AFP/Getty Images/Patrick Kovarik
Take a bow.
By Jenni Avins
Published Last updated This article is more than 2 years old.

WWD confirmed this morning that Phoebe Philo, the British designer at the helm of Céline, will depart the label after presenting her final collection, for Fall 2018, in March. While the game of designer musical chairs between fashion labels has become commonplace, Philo’s exit after a decade marks the end of an era at the LVMH-owned fashion house, and for the world of women’s fashion overall.

LVMH doesn’t disclose revenues for individual labels, but Céline is widely understood to be a powerhouse, which Philo roughly quadrupled in size over her tenure, buffeted by a host of hit handbags.

But Philo’s legacy at Céline will go far beyond her impacts on LVMH’s bottom line.

AP Photo/Francois Mori
Céline, Spring 2015.

At Céline, she changed the way women dressed by recognizing and respecting that women don’t have to wear their power in a way that’s loud, or overtly sexual. The oversized camel coats, lofty turtleneck sweaters, modern jewelry, and white Stan Smiths that have become a uniform for urbane women globally? That’s all Philo. Her looks on the runway—and the outfits she wore to take a bow after her shows—were widely imitated by admirers and fast-fashion imitators. It’s hard to imagine that the accessible, menswear-inspired looks that have filled Zara’s women’s department over the last several years would have existed without Céline’s influence.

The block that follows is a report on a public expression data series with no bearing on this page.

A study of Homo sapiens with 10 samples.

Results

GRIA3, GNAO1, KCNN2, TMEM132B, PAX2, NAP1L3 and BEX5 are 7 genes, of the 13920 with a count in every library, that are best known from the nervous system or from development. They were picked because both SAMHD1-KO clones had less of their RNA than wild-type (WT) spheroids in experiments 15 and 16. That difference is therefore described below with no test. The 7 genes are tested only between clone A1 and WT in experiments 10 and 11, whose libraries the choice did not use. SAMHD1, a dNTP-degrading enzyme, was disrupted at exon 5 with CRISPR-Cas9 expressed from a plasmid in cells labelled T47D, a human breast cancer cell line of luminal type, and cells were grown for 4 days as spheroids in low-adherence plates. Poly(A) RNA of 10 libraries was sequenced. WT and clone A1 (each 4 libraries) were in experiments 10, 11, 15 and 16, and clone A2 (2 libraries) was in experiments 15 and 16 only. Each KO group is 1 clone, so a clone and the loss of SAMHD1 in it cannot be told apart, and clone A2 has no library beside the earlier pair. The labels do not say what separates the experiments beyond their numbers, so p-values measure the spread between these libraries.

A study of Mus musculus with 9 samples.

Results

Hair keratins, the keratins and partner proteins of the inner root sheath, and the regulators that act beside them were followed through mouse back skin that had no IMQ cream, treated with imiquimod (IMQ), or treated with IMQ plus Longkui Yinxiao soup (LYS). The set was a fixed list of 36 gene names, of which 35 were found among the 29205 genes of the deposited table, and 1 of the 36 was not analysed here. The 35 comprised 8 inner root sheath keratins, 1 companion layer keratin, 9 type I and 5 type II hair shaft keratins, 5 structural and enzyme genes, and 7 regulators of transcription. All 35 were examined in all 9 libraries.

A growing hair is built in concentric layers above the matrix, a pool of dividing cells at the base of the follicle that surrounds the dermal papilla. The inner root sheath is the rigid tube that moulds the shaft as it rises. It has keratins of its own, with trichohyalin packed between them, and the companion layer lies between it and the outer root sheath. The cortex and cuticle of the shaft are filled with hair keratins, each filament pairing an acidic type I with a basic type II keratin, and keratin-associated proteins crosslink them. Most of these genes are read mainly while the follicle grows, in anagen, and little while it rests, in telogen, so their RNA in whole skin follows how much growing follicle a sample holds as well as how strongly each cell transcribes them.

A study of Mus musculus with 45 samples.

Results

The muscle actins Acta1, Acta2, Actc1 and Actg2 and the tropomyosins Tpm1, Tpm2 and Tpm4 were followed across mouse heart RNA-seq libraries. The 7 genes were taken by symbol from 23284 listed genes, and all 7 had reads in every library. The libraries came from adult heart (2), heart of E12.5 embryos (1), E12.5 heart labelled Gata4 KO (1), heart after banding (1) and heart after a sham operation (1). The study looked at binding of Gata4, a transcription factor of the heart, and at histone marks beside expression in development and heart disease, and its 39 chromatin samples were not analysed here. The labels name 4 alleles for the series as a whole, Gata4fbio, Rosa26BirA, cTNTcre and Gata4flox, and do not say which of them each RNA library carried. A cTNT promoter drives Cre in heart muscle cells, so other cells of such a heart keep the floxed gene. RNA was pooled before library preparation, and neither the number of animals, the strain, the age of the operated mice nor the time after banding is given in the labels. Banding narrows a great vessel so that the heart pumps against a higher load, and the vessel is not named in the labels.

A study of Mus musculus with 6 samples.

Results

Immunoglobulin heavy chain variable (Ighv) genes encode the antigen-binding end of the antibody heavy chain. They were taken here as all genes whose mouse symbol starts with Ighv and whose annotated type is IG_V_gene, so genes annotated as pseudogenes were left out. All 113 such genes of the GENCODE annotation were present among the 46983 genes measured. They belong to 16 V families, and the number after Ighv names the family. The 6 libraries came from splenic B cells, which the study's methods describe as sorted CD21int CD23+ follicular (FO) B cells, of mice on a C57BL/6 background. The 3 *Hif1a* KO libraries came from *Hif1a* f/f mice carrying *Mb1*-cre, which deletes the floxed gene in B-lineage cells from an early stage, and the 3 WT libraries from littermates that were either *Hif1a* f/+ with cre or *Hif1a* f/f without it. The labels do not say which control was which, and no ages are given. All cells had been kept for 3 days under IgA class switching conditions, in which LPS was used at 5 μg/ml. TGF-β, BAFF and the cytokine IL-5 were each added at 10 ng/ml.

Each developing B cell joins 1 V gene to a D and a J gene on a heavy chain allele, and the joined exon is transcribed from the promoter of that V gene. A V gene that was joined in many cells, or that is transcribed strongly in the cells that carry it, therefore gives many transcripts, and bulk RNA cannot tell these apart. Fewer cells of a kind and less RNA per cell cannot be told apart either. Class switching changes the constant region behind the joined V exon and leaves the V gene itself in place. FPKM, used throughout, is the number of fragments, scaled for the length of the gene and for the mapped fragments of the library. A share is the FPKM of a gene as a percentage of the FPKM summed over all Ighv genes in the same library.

Reuters/Gonzalo Fuentes
She gave us the fur-kenstock.

And the shoes! In addition to Céline’s oft-imitated block-heeled pumps and Philo’s own white Stan Smiths, the designer showed sandals and heels covered in fur that looked shorn from the back of a very luxe Muppet. They were funny—but they were also kind of fabulous. And without them, I might not be leaving the house today in burgundy shearling-lined Birkenstocks.

While Philo created clothes that powerful women—gallerists, bankers, and editors among them—long to wear, she herself became a role model for self-assured (and stylish) feminists who won’t apologize for putting themselves and their families first. (Philo shied away from the spotlight herself, but gave “Philophiles” everywhere something to swoon over when she put Joan Didion in her ads in 2015.)

As a designer at Chloé in 2005, Philo skipped a season for maternity leave—a phrase not commonly uttered then in the high fashion world—and then left altogether in 2006, for a two-year hiatus before joining Céline. With Céline, she moved the headquarters from Paris to London, where her family lived, and forewent a runway show in 2012 when she was expecting her third child. No word on Philo’s next moves, but WWD reports that she has no immediate plans to work for another label.